The number of different types of Bitcoin ransomware is scaringly high when taking into consideration how many of them are out there. CrypAura is often overlooked as a malware threat, simply because it had very little to no success in general. Scare tactics do not work quite well in the world of ransomware, which is more of a blessing than a curse in this case.
CrypAura Introduces Scare Tactics To Bitcoin Ransomware
It is not all that difficult to spot an email coming from hackers trying to infect your computer with CrypAura, as the email address, they send it from has the term “antivirusebola” in it. Not a regular domain name by any means and especially not something people would associate with an impending ransomware attack.
For those who do open this email and download the attachment, will be greeted with a CrypAura infection message shortly afterwards. Infected files are made inaccessible, as new file extension are created that could only be unlocked by entering the decryption key, which had to be paid for in Bitcoin.
However, payment instructions for the decryption process could only be obtained via email, which puts an entirely new spin on the whole Bitcoin ransomware ecosystem. Up until this point, users had to either visit a page on the Tor protocol or have the payment information embedded within the malware executable itself.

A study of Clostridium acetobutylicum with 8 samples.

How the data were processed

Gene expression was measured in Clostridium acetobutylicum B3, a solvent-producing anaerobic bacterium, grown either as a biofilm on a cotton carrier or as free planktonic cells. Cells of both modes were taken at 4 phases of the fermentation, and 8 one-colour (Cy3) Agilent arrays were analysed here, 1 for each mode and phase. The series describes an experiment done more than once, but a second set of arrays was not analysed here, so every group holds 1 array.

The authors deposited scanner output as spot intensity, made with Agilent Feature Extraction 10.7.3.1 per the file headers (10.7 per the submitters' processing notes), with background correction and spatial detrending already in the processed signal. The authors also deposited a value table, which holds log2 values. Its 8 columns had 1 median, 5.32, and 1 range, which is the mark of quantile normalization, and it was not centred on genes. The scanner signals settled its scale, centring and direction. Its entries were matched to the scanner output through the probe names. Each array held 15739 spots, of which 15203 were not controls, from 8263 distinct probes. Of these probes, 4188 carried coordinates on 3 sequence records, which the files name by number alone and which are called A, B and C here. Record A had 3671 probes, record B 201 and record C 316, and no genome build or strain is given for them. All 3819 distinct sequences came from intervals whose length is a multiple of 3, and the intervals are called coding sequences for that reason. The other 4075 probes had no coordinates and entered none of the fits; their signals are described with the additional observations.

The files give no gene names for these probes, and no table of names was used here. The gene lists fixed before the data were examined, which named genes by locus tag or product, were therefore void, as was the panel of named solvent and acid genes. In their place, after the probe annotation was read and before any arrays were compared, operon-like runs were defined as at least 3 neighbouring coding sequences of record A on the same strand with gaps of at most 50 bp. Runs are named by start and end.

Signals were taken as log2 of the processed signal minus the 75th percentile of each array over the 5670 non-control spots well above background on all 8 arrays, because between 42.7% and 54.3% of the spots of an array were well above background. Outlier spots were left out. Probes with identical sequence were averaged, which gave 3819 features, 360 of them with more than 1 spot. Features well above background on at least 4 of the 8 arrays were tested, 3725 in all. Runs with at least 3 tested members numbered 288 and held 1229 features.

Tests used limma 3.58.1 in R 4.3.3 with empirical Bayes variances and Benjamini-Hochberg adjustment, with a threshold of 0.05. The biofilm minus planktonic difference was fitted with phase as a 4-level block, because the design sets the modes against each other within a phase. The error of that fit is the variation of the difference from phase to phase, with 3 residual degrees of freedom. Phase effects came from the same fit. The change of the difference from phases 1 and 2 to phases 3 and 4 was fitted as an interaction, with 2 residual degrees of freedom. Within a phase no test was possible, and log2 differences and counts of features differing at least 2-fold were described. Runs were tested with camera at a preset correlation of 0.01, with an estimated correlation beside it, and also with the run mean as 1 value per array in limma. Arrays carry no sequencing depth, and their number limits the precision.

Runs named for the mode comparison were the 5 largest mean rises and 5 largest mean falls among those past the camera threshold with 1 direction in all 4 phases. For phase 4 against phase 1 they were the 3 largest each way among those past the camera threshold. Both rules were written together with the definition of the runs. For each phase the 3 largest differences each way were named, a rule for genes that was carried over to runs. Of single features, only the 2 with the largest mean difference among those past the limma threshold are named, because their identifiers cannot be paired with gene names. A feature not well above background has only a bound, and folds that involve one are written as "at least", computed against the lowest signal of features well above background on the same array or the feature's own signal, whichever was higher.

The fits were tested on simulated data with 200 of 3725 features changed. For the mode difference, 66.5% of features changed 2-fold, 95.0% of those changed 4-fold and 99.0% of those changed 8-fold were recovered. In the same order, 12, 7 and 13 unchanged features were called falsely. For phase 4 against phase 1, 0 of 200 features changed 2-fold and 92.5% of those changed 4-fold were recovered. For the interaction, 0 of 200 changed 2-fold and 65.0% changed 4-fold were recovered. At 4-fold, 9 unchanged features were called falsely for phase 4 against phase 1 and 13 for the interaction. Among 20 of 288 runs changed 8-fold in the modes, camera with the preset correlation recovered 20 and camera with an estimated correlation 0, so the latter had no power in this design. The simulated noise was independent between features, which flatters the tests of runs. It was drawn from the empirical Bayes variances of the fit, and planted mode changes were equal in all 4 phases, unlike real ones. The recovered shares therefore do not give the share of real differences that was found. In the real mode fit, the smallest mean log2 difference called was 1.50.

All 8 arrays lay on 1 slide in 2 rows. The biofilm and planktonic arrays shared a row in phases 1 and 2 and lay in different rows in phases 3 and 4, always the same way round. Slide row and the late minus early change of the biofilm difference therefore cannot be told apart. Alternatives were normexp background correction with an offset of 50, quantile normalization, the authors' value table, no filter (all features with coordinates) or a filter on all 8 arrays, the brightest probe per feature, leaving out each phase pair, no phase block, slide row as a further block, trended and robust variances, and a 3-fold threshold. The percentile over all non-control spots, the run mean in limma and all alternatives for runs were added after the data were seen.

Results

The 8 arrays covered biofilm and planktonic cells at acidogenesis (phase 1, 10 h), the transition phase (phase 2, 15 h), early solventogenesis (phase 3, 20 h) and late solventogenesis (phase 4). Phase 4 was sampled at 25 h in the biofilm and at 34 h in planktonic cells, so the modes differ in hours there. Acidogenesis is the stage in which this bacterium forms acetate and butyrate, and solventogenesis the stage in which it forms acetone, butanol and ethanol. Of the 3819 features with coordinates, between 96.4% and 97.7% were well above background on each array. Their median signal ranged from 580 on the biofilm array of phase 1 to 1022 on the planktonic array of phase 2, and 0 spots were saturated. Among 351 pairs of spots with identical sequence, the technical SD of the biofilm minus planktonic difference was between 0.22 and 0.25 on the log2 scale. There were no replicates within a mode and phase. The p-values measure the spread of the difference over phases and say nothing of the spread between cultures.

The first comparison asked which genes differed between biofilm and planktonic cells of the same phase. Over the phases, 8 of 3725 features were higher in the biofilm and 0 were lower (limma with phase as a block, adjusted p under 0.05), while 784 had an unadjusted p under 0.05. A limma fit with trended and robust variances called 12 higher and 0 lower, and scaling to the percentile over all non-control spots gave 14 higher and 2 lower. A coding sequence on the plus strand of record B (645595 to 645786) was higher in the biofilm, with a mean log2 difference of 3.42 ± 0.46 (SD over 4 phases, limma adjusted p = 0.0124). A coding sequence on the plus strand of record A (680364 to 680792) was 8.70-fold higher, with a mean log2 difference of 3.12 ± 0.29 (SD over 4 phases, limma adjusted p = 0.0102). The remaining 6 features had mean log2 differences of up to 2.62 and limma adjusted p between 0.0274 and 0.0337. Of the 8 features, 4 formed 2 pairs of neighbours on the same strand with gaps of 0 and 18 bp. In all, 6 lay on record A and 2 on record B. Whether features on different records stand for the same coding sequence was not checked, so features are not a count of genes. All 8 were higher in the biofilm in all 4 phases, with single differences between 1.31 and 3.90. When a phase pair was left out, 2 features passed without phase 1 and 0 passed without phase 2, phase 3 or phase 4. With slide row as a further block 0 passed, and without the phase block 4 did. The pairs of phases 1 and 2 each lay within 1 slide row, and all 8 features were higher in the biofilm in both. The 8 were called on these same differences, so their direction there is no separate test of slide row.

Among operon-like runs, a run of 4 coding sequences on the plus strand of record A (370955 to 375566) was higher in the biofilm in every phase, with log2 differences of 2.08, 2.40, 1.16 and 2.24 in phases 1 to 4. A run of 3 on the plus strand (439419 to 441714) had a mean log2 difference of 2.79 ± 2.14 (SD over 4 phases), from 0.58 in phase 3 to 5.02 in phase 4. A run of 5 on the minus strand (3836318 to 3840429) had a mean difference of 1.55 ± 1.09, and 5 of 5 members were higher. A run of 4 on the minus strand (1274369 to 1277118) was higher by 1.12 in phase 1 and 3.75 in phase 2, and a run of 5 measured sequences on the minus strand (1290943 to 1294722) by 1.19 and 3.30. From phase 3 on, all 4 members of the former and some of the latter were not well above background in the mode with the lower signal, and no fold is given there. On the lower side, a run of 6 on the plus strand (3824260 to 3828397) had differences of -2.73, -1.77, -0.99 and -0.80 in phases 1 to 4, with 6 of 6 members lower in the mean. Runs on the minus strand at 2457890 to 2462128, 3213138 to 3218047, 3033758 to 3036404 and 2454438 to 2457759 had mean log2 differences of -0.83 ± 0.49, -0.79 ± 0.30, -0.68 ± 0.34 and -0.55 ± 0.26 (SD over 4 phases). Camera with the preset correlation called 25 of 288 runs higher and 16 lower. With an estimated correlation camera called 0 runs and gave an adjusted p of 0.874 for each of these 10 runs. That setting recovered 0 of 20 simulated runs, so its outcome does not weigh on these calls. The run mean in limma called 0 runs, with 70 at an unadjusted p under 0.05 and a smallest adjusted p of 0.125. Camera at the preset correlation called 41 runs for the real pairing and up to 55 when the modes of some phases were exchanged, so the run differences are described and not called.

But there is another significant difference between CrypAura and previous iterations of Bitcoin ransomware. The number of file extensions put in harm’s way rose from 39 to 102, which is quite a significant increase. Most of these files types act as backup files for multiple different applications. making it even harder to bypass the ransom CrypAura wants users to pay.
Last but not least, CrypAura changes the wallpaper of the infected computer with clear instructions on who to get in contact with regarding the removal of this ransomware. According to the latest information, the Bitcoin ransom was set at US$500 per infected computer, which is relatively high.